Realignment is nothing new in college football and it has actually become somewhat commonplace over the last few seasons. Now, reports have surfaced that the Big Ten is in serious talks to bring both Maryland and Rutgers to the conference.
The Big Ten isn't the nation's premier conference, but it certainly is in the top tier with history-rich schools such as Michigan, Ohio State, Michigan State and Nebraska. If the moves are completed, the league will have 14 members.
The late Joe Paterno said in a 2011 press conference, "Why don’t we take a look at Rutgers and take a look at somebody that we can bring in from the east so that the Big Ten doesn’t end in State College?”
Now it looks like Paterno's vision may be coming true, but is it really a good move for the conference? It’s a dream scenario for Rutgers, which has feared it would end up on the outside looking in as the college landscape shifted.
Rutgers is located about 40 miles from Manhattan, but it seems unlikely that the university would help the Big Ten tap into the monster that is the New York market. How many people in New York City truly care about Rutgers?
When Rutgers wins, quite a bit. During Rutgers' Cinderella football season in 2006, its game against No. 3 Louisville on ESPN drew huge ratings in the New York market and the Empire State Building was lit up in scarlet.
The Scarlet Knights are currently ranked No. 21 in the most recent AP poll but have not played a very challenging schedule and still have two tough games left against Pittsburgh and Louisville. If Rutgers was to make the move to the Big Ten there would not be a lot, if any, easy wins. The Scarlet Knights could very well go back to being a doormat team, albeit in a much better conference.
2006 was the peak of Rutgers popularity this millennium. Since then they have toiled in mediocrity and obscurity. How many busy metropolitan citizens will get behind an average (at best) team that they have no real link to?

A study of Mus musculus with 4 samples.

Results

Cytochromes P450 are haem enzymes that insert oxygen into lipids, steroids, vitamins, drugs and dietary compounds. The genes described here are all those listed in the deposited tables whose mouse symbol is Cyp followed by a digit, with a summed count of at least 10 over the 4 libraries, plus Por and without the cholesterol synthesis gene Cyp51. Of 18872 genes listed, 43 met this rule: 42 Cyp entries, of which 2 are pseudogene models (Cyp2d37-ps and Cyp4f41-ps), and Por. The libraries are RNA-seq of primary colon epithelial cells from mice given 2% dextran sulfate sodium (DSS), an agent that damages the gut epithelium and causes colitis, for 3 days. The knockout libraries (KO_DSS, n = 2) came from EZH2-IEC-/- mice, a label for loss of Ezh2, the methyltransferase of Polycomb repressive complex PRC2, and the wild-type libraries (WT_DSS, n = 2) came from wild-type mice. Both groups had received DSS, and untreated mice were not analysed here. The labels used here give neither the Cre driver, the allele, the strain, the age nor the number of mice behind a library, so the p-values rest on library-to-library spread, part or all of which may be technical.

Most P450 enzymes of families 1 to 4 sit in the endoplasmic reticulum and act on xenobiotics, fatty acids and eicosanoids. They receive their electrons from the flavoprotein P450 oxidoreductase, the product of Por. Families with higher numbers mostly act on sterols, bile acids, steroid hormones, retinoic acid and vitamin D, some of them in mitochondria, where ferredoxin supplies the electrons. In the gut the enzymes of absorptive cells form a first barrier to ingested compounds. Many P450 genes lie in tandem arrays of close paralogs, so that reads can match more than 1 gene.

Rutgers is making a very serious run to becoming a respectable and legitimate program in the country, but they just do not have the weight of a Nebraska or Penn State to deal with on an annual basis. Executives at ESPN would have to be crazy to think that adding Rutgers and Maryland would add a tremendous amount of value to a TV deal.
Dan Wetzel at Yahoo! Sports said it best:
Still, the money from potentially being able to jam the Big Ten Network into the home of every cable subscriber in each state (combined population: 14.6 million) is significant. It also allows the league to extend some reach into major Eastern media markets such as Washington, Baltimore, Philadelphia and even New York City. That said, the Big Ten added the Terrapins and Scarlet Knights, not the Giants, Jets, Eagles, Ravens and Redskins. College football just isn't that big of a deal.
While the Big Ten may not take over the Big Apple, the conference does gain a foothold in two new, large markets by bringing in Rutgers and Maryland. One fact lost in the New York City talk is that New Jersey itself is a huge market. New Jersey has nine million people who live there and could be a tremendous asset on its own.
The expansion is not official and it could all fall apart before all is said and done. There are still exit fees, negotiations and a variety of other roadblocks that could hang up the move.
If Rutgers is announced as the newest member of the Big Ten, don't expect the people of New York City to flock to the streets in their scarlet sweaters and rejoice the move.
Really, they just don't care that much.